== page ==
Susan Press finds out how children at a north Leeds school have managed to double their chances of top Sats results in maths.
A Leeds school is figuring out ways of achieving better maths results.
In the past 12 months, Cookridge Holy Trinity C of E Primary has almost doubled the number of children getting outstanding results in Key Stage 2 Sats tests.
In 2010, the number of Year 6 students getting the top Level 5 grade was only 26 per cent.
This year, it was up to a much more impressive 47 per cent.
And the other good news was that the number of children getting “satisfactory” Sats scores was also up to 94 per cent from 81 per cent.
Headteacher Andy Pickles, who has been at the school for four years, says the latest results are the culmination of serious attempts by staff and students to improve statistics.
He said: “These are the best Sats results we have ever had in my time at the school and I am delighted that the hard work put in by our students and staff has paid off.
“One of the things we have been conscious of is the need to provide our kids with more challenges in their studies and that is borne out in these figures.
“There was a perception by many pupils that they preferred English and reading so our plan for the year was to focus on maths.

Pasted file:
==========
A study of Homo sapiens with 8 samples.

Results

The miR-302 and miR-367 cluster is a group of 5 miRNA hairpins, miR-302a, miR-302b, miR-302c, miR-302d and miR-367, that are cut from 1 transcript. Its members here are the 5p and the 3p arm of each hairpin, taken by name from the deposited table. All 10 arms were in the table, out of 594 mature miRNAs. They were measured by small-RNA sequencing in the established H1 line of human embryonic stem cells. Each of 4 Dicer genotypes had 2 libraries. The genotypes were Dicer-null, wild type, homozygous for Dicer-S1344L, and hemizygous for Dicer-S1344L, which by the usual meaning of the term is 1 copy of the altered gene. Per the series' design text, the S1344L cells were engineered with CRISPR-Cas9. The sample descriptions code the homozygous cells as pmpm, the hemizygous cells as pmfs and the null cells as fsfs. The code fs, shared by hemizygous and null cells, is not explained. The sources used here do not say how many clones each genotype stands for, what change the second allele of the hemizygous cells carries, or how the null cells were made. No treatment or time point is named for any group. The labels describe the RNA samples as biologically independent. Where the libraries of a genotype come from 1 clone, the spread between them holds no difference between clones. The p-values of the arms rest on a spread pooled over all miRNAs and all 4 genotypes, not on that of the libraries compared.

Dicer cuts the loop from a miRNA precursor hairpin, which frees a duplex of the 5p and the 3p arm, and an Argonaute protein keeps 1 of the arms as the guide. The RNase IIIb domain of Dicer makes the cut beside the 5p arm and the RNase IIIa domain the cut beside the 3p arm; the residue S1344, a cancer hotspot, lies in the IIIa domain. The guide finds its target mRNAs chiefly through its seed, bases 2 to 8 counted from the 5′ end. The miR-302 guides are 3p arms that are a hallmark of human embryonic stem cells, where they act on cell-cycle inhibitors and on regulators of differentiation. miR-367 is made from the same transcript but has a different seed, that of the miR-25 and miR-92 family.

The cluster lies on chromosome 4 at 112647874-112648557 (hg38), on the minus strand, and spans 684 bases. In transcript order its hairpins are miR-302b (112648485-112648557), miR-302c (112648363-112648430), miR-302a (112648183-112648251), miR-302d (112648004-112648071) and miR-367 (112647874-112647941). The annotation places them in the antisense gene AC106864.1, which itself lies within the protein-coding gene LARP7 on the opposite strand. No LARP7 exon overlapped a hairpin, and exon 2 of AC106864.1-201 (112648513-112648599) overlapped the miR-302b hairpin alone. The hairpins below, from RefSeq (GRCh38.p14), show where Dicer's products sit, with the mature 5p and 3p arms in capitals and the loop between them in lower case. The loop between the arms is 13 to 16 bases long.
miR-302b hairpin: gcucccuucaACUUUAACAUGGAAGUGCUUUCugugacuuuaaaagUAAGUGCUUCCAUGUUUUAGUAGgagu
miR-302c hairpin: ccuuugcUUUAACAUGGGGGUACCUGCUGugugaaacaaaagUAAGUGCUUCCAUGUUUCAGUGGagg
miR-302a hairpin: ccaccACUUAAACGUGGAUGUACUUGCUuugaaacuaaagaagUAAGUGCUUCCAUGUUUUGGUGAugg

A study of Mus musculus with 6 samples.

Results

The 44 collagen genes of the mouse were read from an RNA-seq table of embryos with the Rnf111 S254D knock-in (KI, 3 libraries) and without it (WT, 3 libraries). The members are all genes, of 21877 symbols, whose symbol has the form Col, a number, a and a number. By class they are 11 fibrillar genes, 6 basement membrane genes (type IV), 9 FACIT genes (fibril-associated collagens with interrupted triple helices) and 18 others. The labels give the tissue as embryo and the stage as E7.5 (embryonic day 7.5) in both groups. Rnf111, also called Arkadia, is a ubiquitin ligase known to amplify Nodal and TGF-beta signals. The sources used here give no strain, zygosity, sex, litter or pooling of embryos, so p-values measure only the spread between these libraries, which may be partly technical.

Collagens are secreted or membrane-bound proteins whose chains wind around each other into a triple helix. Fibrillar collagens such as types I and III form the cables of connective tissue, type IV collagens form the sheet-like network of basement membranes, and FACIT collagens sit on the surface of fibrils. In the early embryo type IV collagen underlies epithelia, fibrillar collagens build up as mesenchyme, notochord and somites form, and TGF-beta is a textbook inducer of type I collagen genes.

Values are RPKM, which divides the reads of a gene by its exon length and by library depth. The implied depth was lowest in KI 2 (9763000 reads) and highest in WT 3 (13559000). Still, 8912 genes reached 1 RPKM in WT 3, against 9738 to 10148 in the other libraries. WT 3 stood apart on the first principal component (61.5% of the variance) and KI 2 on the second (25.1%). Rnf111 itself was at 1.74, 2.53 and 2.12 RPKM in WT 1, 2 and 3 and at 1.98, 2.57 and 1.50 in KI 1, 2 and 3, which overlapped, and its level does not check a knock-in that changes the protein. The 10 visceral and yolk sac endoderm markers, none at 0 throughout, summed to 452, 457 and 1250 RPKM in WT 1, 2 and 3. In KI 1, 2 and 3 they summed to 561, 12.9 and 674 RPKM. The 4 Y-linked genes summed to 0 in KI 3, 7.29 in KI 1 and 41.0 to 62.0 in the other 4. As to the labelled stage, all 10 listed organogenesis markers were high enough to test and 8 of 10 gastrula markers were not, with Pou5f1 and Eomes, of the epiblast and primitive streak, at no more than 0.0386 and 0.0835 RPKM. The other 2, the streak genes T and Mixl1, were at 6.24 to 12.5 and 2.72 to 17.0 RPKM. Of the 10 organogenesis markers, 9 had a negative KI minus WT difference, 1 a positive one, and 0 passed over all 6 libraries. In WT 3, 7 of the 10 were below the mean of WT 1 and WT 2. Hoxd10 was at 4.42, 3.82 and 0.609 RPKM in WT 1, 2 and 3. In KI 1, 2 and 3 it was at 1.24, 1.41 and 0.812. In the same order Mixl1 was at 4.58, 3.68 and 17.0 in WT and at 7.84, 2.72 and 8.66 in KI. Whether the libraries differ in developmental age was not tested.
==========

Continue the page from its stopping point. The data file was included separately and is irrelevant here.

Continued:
“Our progress has been enhanced by various initiatives but all year round we are lucky to have an exceptionally talented team of teachers.”
Teachers and students followed their success in achieving the Sats results with lots of special events at a recent Maths Week - the fourth to be held at the school.
The highlight of the week-long number crunch was an attempt to create the “world’s biggest zero”.
The event was jointly organised by the school’s PTA and tutor Simon Deacon, of the North Leeds First Class Learning Centre, which is based at the local church.
It involved all the school’s 350 or so pupils, from reception right up to to Year 6.
They spent the half-term break decorating hundreds of cardboard zeroes with eye-catching designs and lined up in the playground to show them off to the local community.
Their efforts were also filmed from above with a helicopter flypast by a local aviation company and a VIP visit from the Lord Mayor of Leeds.
Other activities included lessons built around an “airport” theme – with everything from map grid references to different currencies and time zones on the curriculum.
Mr Pickles added: “Our aim is to show our children that maths is not a boring subject. It is everywhere in our lives and important in every aspect of what we do.
“And, though we know there is always more work to be done, the effort we have put into making maths a focal point of what we do here shows the strength of our school.”